The Giants offense is not good. They are fourth-worst in the league in total yards per game, they are second-worst in points per game, Odell Beckham Jr. hasn’t played in about two months, their offensive line is one of the worst in the league with names like Chad Wheeler, Jon Halapio, and Brett Jones starting, and their leading rusher hasn’t averaged over 4.0 YPC in a month.
But there is a weapon or two that could hurt you under the right circumstances, and those circumstances could be falling into place with Eli Manning regaining his starting job amidst a never-ending controversy that resulted in the firing of coach Ben McAdoo. Having come face to face with his career mortality Manning is getting a second chance, maybe not to be the long-term quarterback for the Giants, but at least to write an ending more appropriate than being benched for Geno Smith and Davis Webb.
Throughout his career Manning has killed the Cowboys and many other teams with his ability to hang in the pocket and deliver the ball downfield, often times to covered receivers, giving them an opportunity to make a play. He has done this over the years with a multitude of big-bodied, jump-ball type receivers, from Plaxico Burress to Hakeem Nicks to Beckham. The signature play that will end up defining his career was a prayer that he threw up for grabs downfield, hoping that his receiver could make a play, perhaps with a little aid from his helmet.
So with nothing to lose on Sunday, and with this most likely being the last time he ever suits up against the Cowboys in New York, you can bet that Manning will give his receivers every opportunity to make plays downfield now that the shackles of McAdoo’s short passing game are presumably gone.
And the likely target of many of those deep shots you might ask?
None other than rookie tight end Evan Engram.
Without Beckham the Giants offense clearly lacks explosiveness. Sterling Shepard is a nice number two receiver who can hurt you out of the slot but he is not, nor will he ever be, a true number one type of receiver. He is better at beating you laterally and across the field, using shiftiness and short-area quickness, as opposed to taking the top off defenses vertically or making high-pointing the ball in contested situations.
Engram on the other hand does have some of that ability, especially from his tight end spot up the seam. Coming out of Mississippi many thought of Engram as basically a jumbo receiver due to average at best blocking ability and only adequate tight end size. While in many ways that is still the case, Engram’s receiving ability has clearly translated to the next level.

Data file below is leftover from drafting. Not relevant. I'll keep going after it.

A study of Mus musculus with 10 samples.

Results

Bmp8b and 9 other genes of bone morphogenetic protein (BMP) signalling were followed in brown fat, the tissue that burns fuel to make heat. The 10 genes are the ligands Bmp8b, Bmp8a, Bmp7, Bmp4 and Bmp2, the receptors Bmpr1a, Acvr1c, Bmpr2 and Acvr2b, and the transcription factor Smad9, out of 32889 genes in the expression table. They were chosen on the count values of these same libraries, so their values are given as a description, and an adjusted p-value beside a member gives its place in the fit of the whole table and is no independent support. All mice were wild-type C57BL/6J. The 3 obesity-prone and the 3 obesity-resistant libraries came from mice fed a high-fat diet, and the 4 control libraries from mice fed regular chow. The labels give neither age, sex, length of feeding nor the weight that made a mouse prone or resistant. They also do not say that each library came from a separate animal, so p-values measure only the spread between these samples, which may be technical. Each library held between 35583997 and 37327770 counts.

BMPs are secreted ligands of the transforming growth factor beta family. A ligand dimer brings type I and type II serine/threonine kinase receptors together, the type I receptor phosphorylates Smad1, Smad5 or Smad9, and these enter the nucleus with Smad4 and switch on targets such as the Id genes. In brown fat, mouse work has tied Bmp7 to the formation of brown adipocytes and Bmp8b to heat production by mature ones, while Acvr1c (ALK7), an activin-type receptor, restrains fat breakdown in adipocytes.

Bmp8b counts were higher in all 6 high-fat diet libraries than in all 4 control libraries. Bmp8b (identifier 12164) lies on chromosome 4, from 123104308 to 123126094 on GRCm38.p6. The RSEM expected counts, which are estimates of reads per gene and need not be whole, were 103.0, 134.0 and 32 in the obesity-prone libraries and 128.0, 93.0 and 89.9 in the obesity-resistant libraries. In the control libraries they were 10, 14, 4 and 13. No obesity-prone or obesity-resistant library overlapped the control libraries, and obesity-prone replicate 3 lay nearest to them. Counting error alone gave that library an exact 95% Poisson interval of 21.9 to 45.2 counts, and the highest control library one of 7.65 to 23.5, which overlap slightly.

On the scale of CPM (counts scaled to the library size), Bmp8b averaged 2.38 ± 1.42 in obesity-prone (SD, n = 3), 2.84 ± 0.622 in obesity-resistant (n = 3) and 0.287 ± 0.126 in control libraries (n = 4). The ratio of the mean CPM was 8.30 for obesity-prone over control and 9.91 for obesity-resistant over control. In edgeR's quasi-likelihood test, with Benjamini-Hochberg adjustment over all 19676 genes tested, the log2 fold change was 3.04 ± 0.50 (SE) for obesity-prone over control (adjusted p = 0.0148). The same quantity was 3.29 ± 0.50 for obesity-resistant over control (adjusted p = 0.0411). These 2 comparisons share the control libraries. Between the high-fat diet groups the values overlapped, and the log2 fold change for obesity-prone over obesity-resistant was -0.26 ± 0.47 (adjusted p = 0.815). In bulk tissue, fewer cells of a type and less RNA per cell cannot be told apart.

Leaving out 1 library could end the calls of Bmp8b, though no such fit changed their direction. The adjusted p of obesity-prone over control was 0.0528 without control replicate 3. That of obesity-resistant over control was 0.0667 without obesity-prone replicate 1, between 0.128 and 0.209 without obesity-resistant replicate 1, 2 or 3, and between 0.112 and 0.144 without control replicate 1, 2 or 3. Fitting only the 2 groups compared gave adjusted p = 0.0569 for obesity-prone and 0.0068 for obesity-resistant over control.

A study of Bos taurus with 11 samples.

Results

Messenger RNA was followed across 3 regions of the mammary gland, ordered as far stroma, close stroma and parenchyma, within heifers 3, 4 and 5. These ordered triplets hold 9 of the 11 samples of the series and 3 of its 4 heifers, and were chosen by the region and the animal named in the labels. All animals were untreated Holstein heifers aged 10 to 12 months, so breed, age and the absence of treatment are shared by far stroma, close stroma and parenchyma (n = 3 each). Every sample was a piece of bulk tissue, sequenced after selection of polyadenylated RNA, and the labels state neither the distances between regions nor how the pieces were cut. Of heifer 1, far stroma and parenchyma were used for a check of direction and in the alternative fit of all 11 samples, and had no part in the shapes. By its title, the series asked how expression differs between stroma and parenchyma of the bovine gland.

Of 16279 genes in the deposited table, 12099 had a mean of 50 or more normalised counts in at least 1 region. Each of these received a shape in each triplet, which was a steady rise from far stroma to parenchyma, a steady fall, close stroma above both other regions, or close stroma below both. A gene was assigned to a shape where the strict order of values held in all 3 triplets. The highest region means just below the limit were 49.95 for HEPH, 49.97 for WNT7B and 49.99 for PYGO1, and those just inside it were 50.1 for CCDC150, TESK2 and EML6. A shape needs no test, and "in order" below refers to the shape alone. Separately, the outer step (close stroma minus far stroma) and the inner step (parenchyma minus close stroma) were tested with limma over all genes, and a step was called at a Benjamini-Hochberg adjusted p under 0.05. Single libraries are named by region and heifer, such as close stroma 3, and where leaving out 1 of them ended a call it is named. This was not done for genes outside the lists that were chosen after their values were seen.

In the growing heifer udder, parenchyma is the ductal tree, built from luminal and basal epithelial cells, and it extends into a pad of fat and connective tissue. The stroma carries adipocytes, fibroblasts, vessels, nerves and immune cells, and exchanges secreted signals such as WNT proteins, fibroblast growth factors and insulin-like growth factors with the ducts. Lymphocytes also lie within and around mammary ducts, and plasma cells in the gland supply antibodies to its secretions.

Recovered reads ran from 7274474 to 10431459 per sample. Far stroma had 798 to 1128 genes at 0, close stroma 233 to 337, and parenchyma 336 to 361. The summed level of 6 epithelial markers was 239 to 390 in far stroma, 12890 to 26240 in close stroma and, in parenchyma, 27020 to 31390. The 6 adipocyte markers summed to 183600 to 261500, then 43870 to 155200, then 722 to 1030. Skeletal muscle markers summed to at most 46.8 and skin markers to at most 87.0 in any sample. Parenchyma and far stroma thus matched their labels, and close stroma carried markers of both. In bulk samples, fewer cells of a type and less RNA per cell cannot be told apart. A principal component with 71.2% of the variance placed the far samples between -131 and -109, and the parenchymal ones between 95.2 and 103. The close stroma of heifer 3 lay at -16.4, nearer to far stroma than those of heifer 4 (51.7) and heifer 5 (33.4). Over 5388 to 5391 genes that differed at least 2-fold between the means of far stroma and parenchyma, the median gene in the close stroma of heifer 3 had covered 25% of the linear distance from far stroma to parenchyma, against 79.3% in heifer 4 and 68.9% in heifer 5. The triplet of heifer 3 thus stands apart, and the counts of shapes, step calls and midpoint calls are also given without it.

He currently leads the Giants in receptions (51), yards (569), and touchdowns (6), he has scored a touchdown in five of his last seven games, and is coming off a game against the Raiders where he set career highs with seven catches for 99 yards.
Now, to be fair much of his production is the result of Beckham and Shepard missing time combined with the fact that the Giants putrid offensive line usually forces their quarterback to get rid of the ball quickly and look for the checkdown. There is also the fact that a good amount of his production has come in garbage time with the Giants so often being blown out with defenses allowing them to nickel and dime their way down the field.
All of that is true but it doesn’t change the fact that Engram has been very promising, especially at a position where players don’t often immediately come in and produce as a receiver in year one. He has shown the ability to make contested catches, he has established himself as a threat in the red zone, and he has displayed fantastic hands, including a one-handed catch about 20 yards downfield last week against the Raiders.
He is the one player on the Giants offense capable of threatening defenses 20-30 yards downfield with explosiveness, while also being a security blanket in the short to intermediate with the ability to run after the catch. When Eli looks downfield and wants to heave up a prayer, you can bet this is who he will be looking for.
So what must the Cowboys do?
The clear answer is get pressure on Manning early and often. Throw him off his game early, have him feeling the rush, and he will start spraying the ball all over the field.
In coverage, for all the talk over Byron Jones being demoted in favor of Kavon Frazier, Jones still played 75% of the snaps against the Redskins. The so-called “demotion” is far overblown and is more just the Cowboys replacing Jones with Frazier in certain base packages, particularly when they’re expecting run. Jones is still a major part of the secondary and will be on the field, in the slot usually, in all passing situations.
For as much as the team might dislike Jones’ tackling ability vs. the run, they still trust him to match up with tight ends in the slot, and we will surely see plenty of Jones vs. Engram on Sunday.
It will be a matchup that Jones should be able to handle for the most part, but with the weather expected to be cold and windy with a few inches of snow the day before, this could end up being a low-scoring defensive battle. In that case it may only take a play here or there to turn the game, much as Beckham’s quick slant that he busted for a 50+ yard touchdown last season was the difference in that game despite the Cowboys defense keeping the Giants under wraps all night.
If someone on the Giants offense is to make a play like that on Sunday it will be Engram, and Jones and the Cowboys defense must be careful not to fall asleep and allow it to happen.